Suppose you invest in a mutual fund scheme and the fund manager instead of buying stocks or debt securities invests the money in another mutual fund scheme. In such a case, you will hold a fund of fund (FoF) scheme and is available to investors in addition to regular funds.
The fund manager of FoF invests your money to buy units of other mutual funds schemes. FoF can be of different types – From being a gold FoF, a FoF investing in international ETFs, multi-manager FoF to a multi-asset FoF.
But, does FoF make sense and under what circumstances should one consider investing in them? Anup Bansal, Chief Investment Officer, Scripbox provides a snapshot of the situations when they make sense and when they do not make sense to an investor.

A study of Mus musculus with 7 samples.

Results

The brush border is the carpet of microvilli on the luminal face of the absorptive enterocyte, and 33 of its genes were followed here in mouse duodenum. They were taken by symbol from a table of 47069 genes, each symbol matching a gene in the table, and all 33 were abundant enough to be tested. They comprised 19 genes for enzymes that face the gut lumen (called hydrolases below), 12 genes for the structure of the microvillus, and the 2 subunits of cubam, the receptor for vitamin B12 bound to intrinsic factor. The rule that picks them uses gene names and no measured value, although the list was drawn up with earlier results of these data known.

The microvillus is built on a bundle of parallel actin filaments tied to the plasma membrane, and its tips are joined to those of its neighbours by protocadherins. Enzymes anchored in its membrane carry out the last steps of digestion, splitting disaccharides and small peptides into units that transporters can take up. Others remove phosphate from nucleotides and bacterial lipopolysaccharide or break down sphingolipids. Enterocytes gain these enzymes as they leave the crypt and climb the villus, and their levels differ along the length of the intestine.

An investor who has a passive outlook to the investment portfolio can choose to opt for a Fund of fund in his portfolio at the asset allocation level, and/or subsequently at the product level.
A FoF version of an ETF (country or commodity based) may turn out better than buying the ETF itself as the price of purchase will be the NAV and that will be closer to the benchmark value at the end of day.
A fund of funds also makes sense when the investable theme is a high-net-worth product and illiquid and where there is a high investment limit for investing at the constituent product levels.
Does not make sense
An asset allocation fund of funds does not make much sense in a India specific scenario as it does not provide the flexibility which an overall asset allocation structure combined with a fund selection layer may provide.
Even if the FoF is a passive allocation from the viewpoint of the investor, the fund manager of the FoF may take active calls on the allocation to each asset class and if the portfolio has multiple FoF’s, the asset allocation at the portfolio level may have a significant active risk.
An equity fund of funds does not make sense as it will suffer due to the debt fund like tax treatment despite equity having a 10% long term and 15% short term tax treatment.